What’s The Deal With Implantation Bleeding? From How Long It Lasts To Causes For Concern
Make no mistake about it: Pregnancy is a beautiful journey, yes, but it can also be one fraught with worry. It’s natural to be concerned about that little bun in your oven! And one of the most disconcerting things that can happen in early pregnancy is any spotting or bleeding. This can happen for several reasons, among them implantation bleeding — a side effect of conception. But how long does implantation bleeding last? How can you tell it apart from your period? You’ve got questions, and we totally understand.
Before we jump into that, know first that implantation bleeding typically isn’t a cause for concern. You may not even have it or, if you do, you might not notice it. You may not even realize at that point that you’re expecting! If you do experience implantation bleeding, though, here’s everything you should know about this early sign of pregnancy.
What is implantation bleeding?
You start to have some light bleeding and think, Hmm, is my period starting a little early? It could be (more on that in a minute). However, it could also be implantation bleeding, which is defined by the American Pregnancy Association as a small amount of spotting or light bleeding that occurs around 10 to 14 days after conception.
When does it occur?
We’ve already given the specific timeframe — 10 to 14 days after conception — but let’s unpack that a bit more. Implantation bleeding is believed to take place when the fertilized egg attaches to the interior lining of the uterus. The movement of the egg may lead to this light bleeding as it breaks down some blood vessels within the uterine wall.
How long does it last?
Not long, which is why many women tend to chalk it up to pre-menstrual spotting. Although it can vary from person to person, it should last anywhere from a few hours to a few days.
How can you tell if it’s implantation bleeding vs. a period?
Because this takes place close to your expected period, it can be difficult to tell the difference between the two — especially if you’ve never been pregnant before. However, if the bleeding is shorter than your normal period (fewer than three days), it’s possible it’s implantation bleeding. Keep reading for more ways to differentiate.
What are some of the signs and symptoms?
Granted, just having a shorter duration probably isn’t enough for many of us to know whether we’re just spotting or experiencing implantation bleeding. Here are a few more indicators:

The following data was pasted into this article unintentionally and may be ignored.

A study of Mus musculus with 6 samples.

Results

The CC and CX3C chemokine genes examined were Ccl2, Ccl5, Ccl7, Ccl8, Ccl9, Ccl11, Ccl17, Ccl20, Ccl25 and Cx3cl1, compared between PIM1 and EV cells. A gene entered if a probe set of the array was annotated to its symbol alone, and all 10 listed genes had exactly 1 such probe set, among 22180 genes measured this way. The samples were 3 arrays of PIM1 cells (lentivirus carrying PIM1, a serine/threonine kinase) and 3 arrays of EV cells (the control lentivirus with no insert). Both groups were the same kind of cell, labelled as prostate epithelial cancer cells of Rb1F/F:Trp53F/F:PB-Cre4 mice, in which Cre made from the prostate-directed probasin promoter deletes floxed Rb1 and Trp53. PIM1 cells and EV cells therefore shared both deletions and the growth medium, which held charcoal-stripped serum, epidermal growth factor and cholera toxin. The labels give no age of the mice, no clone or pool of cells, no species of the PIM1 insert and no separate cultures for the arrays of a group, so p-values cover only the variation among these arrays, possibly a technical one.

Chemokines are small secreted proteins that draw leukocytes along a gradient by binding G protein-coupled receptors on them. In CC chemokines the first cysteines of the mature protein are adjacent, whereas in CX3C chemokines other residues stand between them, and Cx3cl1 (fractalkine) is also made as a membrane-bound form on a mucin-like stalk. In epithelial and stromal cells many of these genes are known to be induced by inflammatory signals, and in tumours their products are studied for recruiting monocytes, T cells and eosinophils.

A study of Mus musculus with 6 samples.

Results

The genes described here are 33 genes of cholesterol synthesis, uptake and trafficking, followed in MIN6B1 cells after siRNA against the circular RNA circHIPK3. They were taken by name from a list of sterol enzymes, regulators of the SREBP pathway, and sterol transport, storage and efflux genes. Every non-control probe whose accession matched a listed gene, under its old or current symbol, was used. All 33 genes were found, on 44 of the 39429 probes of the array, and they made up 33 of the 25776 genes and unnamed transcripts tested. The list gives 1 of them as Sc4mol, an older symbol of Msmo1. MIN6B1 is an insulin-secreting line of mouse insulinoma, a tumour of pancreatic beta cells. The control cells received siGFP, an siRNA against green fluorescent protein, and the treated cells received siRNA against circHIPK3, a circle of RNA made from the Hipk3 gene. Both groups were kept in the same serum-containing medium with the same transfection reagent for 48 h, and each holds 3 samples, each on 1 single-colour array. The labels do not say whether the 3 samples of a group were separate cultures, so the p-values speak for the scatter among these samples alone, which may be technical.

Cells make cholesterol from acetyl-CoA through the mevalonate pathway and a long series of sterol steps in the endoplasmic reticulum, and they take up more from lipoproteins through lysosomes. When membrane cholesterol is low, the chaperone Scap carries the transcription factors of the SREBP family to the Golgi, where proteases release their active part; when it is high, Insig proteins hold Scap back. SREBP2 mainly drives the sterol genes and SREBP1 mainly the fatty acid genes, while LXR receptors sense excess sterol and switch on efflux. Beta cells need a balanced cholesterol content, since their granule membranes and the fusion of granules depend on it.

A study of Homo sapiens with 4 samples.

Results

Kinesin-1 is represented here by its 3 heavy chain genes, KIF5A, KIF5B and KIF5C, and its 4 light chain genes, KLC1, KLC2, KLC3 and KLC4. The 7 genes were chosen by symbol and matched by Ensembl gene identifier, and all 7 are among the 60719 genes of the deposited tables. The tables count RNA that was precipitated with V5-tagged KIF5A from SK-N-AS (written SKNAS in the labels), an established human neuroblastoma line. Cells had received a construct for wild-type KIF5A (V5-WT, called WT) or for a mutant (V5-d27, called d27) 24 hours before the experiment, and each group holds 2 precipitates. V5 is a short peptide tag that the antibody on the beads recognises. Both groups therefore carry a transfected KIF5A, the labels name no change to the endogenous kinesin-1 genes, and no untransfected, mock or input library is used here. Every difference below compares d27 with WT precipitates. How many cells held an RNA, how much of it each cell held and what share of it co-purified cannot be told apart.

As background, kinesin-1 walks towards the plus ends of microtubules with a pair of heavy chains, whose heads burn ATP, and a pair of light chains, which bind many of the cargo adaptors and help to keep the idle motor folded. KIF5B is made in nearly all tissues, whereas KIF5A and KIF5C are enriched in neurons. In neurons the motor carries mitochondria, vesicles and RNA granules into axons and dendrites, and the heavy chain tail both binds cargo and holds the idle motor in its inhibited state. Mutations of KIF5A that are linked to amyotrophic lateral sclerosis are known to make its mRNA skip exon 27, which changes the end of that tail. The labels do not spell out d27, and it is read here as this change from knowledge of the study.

- Color: A woman’s flow may be unique to her, so you’re probably pretty familiar with what’s “normal” for you. Generally speaking, the color of period blood is a bright to dark red in the beginning. Implantation bleeding, on the other hand, is typically light pink to dark brown in color.
- Flow: Unlike some women’s periods, implantation bleeding should not fill up a pad, tampon, or menstrual cup. It should be light and free of clots.
- Cramping: You may feel light or faint cramping, but it will likely be less than a normal period.
- Other early pregnancy symptoms: You may notice a few other classic early pregnancy hallmarks like mood swings, headaches, morning sickness, breast tenderness, and lower backaches.
Can you take a pregnancy test during this time?
Maybe you’ve been trying to conceive when you start spotting. Your first instinct may be to run to the bathroom cupboard and pull out the box of pregnancy tests you have stashed there — you need to know what’s up. But if you aren’t sure if it’s just Aunt Flo coming to town early, it’s probably best to hold off until you actually miss your period. Implantation bleeding often takes place too early for tests to offer conclusive results.
When should you worry?
According to the Mayo Clinic, implantation bleeding usually isn’t a red (quite literally) flag. However, it’s best to listen to your body. If the bleeding lasts for more than a few days, is unusually heavy (even for your period), contains clotting, and is accompanied by fever, chills, or worsening cramps, call your obstetrician. They’ll want to rule out more serious issues, such as molar pregnancy or miscarriage.
A good rule of thumb is to alert your health care provider to any unexpected bleeding if you’re pregnant or suspect you’re pregnant.